Symmetrical Windowing for Quantum States in Quasi-Classical Trajectory Simulations
- Author(s): Cotton, Stephen Joshua
- Advisor(s): Miller, William H
- et al.
An approach has been developed for extracting approximate quantum state-to-state information from classical trajectory simulations which "quantizes" symmetrically both the initial and final classical actions associated with the degrees of freedom of interest using quantum number bins (or "window functions") which are significantly narrower than unit-width. This approach thus imposes a more stringent quantization condition on classical trajectory simulations than has been traditionally employed, while doing so in a manner that is time-symmetric and microscopically reversible.
To demonstrate this "symmetric quasi-classical" (SQC) approach for a simple real system, collinear H + H2 reactive scattering calculations were performed [S.J. Cotton and W.H. Miller, J. Phys. Chem. A 117, 7190 (2013)] with SQC-quantization applied to the H2 vibrational degree of freedom (DOF). It was seen that the use of window functions of approximately 1/2-unit width led to calculated reaction probabilities in very good agreement with quantum mechanical results over the threshold energy region, representing a significant improvement over what is obtained using the traditional quasi-classical procedure.
The SQC approach was then applied [S.J. Cotton and W.H. Miller, J. Chem. Phys. 139, 234112 (2013)] to the much more interesting and challenging problem of incorporating non-adiabatic effects into what would otherwise be standard classical trajectory simulations. To do this, the classical Meyer-Miller (MM) Hamiltonian was used to model the electronic DOFs, with SQC-quantization applied to the classical "electronic" actions of the MM model--representing the occupations of the electronic states--in order to extract the electronic state population dynamics. It was demonstrated that if one ties the zero-point energy (ZPE) of the electronic DOFs to the SQC windowing function's width parameter this very simple SQC/MM approach is capable of quantitatively reproducing quantum mechanical results for a range of standard benchmark models of electronically non-adiabatic processes, including applications where "quantum" coherence effects are significant. Notably, among these benchmarks was the well-studied "spin-boson" model of condensed phase non-adiabatic dynamics, in both its symmetric and asymmetric forms--the latter of which many classical approaches fail to treat successfully.
The SQC/MM approach to the treatment of non-adiabatic dynamics was next applied [S.J. Cotton, K. Igumenshchev, and W.H. Miller, J. Chem. Phys., 141, 084104 (2014)] to several recently proposed models of condensed phase electron transfer (ET) processes. For these problems, a flux-side correlation function framework modified for consistency with the SQC approach was developed for the calculation of thermal ET rate constants, and excellent accuracy was seen over wide ranges of non-adiabatic coupling strength and energetic bias/exothermicity. Significantly, the "inverted regime" in thermal rate constants (with increasing bias) known from Marcus Theory was reproduced quantitatively for these models--representing the successful treatment of another regime that classical approaches generally have difficulty in correctly describing. Relatedly, a model of photoinduced proton coupled electron transfer (PCET) was also addressed, and it was shown that the SQC/MM approach could reasonably model the explicit population dynamics of the photoexcited electron donor and acceptor states over the four parameter regimes considered.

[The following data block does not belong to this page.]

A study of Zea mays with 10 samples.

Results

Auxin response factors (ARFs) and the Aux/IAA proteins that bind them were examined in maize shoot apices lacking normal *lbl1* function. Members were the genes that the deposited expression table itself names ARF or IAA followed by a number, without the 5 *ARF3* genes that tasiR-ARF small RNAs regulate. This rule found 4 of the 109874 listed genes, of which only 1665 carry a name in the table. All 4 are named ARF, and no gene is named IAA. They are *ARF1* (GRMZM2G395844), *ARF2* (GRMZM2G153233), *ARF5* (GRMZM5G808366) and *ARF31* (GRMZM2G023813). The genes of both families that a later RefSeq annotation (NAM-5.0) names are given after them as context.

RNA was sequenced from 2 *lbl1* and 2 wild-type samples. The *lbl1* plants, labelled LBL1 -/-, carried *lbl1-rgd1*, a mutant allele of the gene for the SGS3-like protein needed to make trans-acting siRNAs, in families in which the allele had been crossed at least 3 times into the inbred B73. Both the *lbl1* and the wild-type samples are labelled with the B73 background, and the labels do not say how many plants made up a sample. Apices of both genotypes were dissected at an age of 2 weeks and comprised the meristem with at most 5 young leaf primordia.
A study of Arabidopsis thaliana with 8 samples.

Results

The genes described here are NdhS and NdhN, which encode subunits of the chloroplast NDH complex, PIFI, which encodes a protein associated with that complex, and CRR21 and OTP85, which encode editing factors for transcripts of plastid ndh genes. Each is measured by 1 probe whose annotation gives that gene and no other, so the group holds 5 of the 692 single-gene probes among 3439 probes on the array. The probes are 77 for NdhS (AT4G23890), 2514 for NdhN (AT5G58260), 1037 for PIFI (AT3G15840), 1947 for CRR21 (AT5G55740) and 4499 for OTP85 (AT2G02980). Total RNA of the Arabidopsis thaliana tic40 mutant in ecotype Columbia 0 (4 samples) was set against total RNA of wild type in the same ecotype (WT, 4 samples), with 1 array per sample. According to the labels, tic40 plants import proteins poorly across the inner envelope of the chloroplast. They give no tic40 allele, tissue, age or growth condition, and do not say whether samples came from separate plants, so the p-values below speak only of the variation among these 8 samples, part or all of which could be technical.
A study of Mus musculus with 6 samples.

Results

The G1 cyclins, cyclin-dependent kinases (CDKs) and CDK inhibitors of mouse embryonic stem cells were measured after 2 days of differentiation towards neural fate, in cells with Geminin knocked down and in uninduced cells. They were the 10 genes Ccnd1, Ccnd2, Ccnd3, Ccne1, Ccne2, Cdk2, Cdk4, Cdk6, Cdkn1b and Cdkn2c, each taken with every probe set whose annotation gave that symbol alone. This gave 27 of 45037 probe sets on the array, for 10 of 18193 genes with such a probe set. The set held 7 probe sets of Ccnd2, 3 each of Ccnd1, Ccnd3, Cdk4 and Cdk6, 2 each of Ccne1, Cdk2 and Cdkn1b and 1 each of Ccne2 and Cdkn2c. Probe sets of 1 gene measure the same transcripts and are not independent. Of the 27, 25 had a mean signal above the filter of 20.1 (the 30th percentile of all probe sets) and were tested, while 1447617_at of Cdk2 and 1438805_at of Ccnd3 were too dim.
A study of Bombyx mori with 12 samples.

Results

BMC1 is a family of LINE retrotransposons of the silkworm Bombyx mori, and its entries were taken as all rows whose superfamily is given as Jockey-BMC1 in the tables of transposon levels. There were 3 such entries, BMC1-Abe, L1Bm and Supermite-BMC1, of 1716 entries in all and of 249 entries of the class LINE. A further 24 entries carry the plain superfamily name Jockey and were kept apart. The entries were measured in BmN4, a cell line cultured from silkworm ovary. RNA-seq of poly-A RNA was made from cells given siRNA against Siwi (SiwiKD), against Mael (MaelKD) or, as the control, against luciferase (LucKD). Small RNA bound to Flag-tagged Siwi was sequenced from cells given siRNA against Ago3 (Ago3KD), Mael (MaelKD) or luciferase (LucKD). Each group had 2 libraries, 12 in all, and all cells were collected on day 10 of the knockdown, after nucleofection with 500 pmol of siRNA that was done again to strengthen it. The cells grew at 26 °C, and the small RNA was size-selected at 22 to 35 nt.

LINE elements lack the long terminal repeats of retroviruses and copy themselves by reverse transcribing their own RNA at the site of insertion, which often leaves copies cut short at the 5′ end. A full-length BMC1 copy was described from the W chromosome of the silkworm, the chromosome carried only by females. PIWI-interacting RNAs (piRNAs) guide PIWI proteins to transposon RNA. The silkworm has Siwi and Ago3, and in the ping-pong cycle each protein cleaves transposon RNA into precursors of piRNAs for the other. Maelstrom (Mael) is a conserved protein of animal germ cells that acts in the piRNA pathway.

The potential utility of the SQC/MM technique lies in its stunning simplicity and the ease by which it may readily be incorporated into "ordinary" molecular dynamics (MD) simulations. In short, a typical MD simulation may be augmented to take non-adiabatic effects into account simply by introducing an auxiliary pair of classical "electronic" action-angle variables for each energetically viable Born-Oppenheimer surface, and time-evolving these auxiliary variables via Hamilton's equations (using the MM electronic Hamiltonian) in the same manner that the other classical variables--i.e., the coordinates of all the nuclei--are evolved forward in time. In a complex molecular system involving many hundreds or thousands of nuclear DOFs, the propagation of these extra "electronic" variables represents a modest increase in computational effort, and yet, the examples presented herein suggest that in many instances the SQC/MM approach will describe the true non-adiabatic quantum dynamics to a reasonable and useful degree of quantitative accuracy.